Category: Legal
Satisfied Customers: 55604
Experience:  Attorney with 29 years of experience.

Thanks, XXXXX XXXXX California
Welcome! My goal is to do my very best to understand your situation and to provide a full and complete answer for you.

Good afternoon. A motorhome is treated as a motor vehicle and thus do not fall within CA's non-deficiency judgment. As a result, the lender does have the right to pursue your friend for the shortfall. But, whether or not they will depends upon their assessment of the collectibility of a deficiency judgment. So, if he can convince them there is nothing for them to get, and that if they were to pursue a judgment, he would simply file for bankruptcy protection and get the judgment discharged—and even if he has no intention of doing so, it is still good leverage with the bank because they do not know whether or not he would… then it is unlikely the lender will spend the time and money necessary to get a judgment they believe is uncollectible in the end.

This is the part of my job I don't like...when the law is not in favor of my customer. I wish I could say your friend would not be liable for the shortfall, but, I can only provide you information based on the law so that you can act on the best available information to you. ………..I wish I had better news, but can only hope you recognize and understand my predicament and don't shoot the messenger. I'm sorry!

Thank you so much for allowing me to help you with your questions. I have done my best to provide information which will be helpful to you. If I have not fully addressed your questions or if you have any follow up questions, or if I have misinterpreted your questions in any way, please do not rate me yet, but simply ask a follow up question without rating so I can provide you with a fully satisfactory answer. If I have fully answered your question(s) to your satisfaction, I would appreciate you rating my service with 3, 4, or 5 faces/stars so I can receive credit for helping you today. I thank you in advance for taking the time to provide me a positive rating!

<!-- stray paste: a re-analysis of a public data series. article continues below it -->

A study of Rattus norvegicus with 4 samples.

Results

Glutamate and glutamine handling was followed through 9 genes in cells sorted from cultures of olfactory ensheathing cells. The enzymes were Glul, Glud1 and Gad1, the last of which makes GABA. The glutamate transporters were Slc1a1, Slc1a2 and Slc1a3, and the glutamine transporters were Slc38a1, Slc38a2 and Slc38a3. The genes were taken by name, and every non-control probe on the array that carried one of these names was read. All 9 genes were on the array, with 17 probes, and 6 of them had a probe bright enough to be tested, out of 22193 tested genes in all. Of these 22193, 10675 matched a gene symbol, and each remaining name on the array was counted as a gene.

Customer: replied 4 years ago.

Thanks for the truth, unfortunately my friend does receive a very good pension and has some assets so maybe trying to convince them that he does not have anything to get, will not work. It might be better for him to sell it at a lose and pay the difference instead of going to auction.

You're welcome and thanks for following up. A voluntarily sale is always going to result in a higher price than an auction. But, with regard to any deficiency pursuit, he needs to be aware that his pension is likely to be entirely exempt. Also, CA has a pretty generous homestead exemption so his home has protection to some level. With regard to other assets, he might want to consider putting his non-exempt assets (retirement income and retirement account assets are likely exempt and can be left in place) into a family limited partnership. Carefully drafted, this converts assets that a creditor would find attractive to go after into a limited partnership interest with no control, no rights other than that of an assignment, no transferability, no marketability, and no right to distributions. The transfer is for fair market value…i.e., you are simply exchanging one asset for another of equal value to you. And, you maintain control through a general partnership interest that you control. Yet, when complete it essentially is an asset no one wants and thus the creditor is less likely to pursue the debtor. Family limited partnerships must be carefully drafted and one would need an attorney experience in this area to do so, but they can be a very effective method of asset protection.